Intentionally Humble

By Andy Andrews

The practice of becoming humble is one that can really be developed by making use of a simple yet very interesting and rewarding habit to add into your family’s daily life.

First, let’s take a moment to discuss the roots of being humble. Because the roots of being humble are all about one thing—other people.

To cultivate a humble spirit means learning to take our eyes off ourselves and understand that there are so many other people involved in whatever it is that might tempt us to be proud.

If you can learn to consistently keep the idea of gratefulness at the forefront of a child’s thinking, you will end up with a very humble child.

Here’s how you do that: whenever you are tempted to jump on a high horse about something—maybe someone has just paid you a compliment or thanked you for something, whatever it is—immediately start listing out all the people other than yourself who were involved in making that thing happen.

Let me share a little example for you from my own life.

One time Austin, my older son, was with me when I was doing a television interview about a new book that had just come out.

At some point during the interview, another book of mine, The Traveler’s Gift, came up. The question had something to do with the process of writing and releasing the book, and as I took them through the process, I kept using phrases like “when we released the book,” and “when our book came out” and so on and so forth.

So, after the interview, Austin said to me, “Dad, can I ask you something?” And I said sure.

He said, “You wrote the books, right?” And I said I did.

And he said, “Well you always say that when ‘we’ release that book and that we hope that ‘our’ book does this or that. What do you mean by that saying ‘we’ and ‘our’ and ‘us’?”

I answered with this: “Buddy, here’s what I have figured out. There’s no benefit in taking the credit. Number one, my name is on the book, so what more credit do I need than that?

“The truth is that there were a lot of people involved in that book, and most of those people don’t get much recognition in their lives…and so you know how we always want to make other people feel better and we want to lift people up? This is an easy way to do it.”

I explained to him that, yes, I wrote the words, but I also told him that if Adam and him hadn’t been intentionally quiet around the house during those times, I wouldn’t have been able to do it. So those were times when they were a part of writing the book.

“P.C.,” I added, “who helps us around the house, and creates a neat and orderly atmosphere, she helped write the book too.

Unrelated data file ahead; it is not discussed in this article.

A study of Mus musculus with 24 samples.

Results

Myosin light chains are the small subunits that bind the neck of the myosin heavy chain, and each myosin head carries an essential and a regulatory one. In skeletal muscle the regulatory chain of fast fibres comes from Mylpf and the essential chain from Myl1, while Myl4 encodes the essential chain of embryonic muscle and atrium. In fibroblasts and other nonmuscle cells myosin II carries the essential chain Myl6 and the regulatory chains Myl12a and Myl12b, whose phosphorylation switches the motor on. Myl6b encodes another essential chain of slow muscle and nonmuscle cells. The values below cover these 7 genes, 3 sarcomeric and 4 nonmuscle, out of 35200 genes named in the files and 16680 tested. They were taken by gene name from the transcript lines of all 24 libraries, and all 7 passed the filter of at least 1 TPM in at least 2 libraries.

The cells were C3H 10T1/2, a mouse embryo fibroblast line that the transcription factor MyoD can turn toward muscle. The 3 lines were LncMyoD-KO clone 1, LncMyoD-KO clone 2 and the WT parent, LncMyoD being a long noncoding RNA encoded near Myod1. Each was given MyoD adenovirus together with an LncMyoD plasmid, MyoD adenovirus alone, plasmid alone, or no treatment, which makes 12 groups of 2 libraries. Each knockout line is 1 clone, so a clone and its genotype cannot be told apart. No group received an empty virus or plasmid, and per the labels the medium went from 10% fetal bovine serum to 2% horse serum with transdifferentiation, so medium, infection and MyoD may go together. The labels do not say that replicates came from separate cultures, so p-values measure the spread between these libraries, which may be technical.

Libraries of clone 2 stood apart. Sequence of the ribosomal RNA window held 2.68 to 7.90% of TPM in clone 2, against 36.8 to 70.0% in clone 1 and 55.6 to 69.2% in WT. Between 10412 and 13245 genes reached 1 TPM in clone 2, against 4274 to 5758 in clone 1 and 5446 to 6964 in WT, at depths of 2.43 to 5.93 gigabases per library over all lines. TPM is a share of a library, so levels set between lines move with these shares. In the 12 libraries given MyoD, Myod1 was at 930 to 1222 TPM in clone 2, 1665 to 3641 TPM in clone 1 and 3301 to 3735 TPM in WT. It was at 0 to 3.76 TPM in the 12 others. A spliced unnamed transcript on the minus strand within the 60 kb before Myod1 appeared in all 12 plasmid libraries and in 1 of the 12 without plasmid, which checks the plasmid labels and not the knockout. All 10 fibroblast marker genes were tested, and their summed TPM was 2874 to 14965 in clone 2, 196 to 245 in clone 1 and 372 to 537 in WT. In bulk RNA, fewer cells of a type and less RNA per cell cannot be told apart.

“And if it weren’t for SB and Matt and all the people at the office, this book would not have been released.

“Then there’s the folks at the publishing company, like Matt and Stephanie and Emily and Tom and Damon…

“So,” I added, “I really do believe it’s ‘we,’ it’s our book.”

Austin nodded. “Got it,” he said.

You can take that story and understand that anything about which we may be tempted to be proud of, can be attributed to the help of other people.

I mean, if someone tells you that you have beautiful hair, you probably didn’t cut it. You didn’t make the hairspray. You didn’t make the mousse. You see what I’m saying?

But this is something that is very easy to teach your kids as they grow older. And it even gets kind of fun when you start realizing all the people influencing the outcomes of your life. It plays right back into cultivating a grateful heart as well.

What I call this system is accepting the compliment, but deflecting the ownership that leads to pride.

When you start doing this in your own life, your kids will notice and begin to understand, and that’s when you can begin teaching them to apply it in their lives as well.

It becomes nothing more than a habit of immediately listing every person involved with any great outcome about which you receive compliments.

Learning to do this effectively will lead to three key benefits for you and your children:

  • It will keep you humble.
  • It will remind you to be grateful for the influence of other people in your life.
  • And it will make those other people feel great.

So remember: accept the compliment, but deflect the ownership that leads to pride.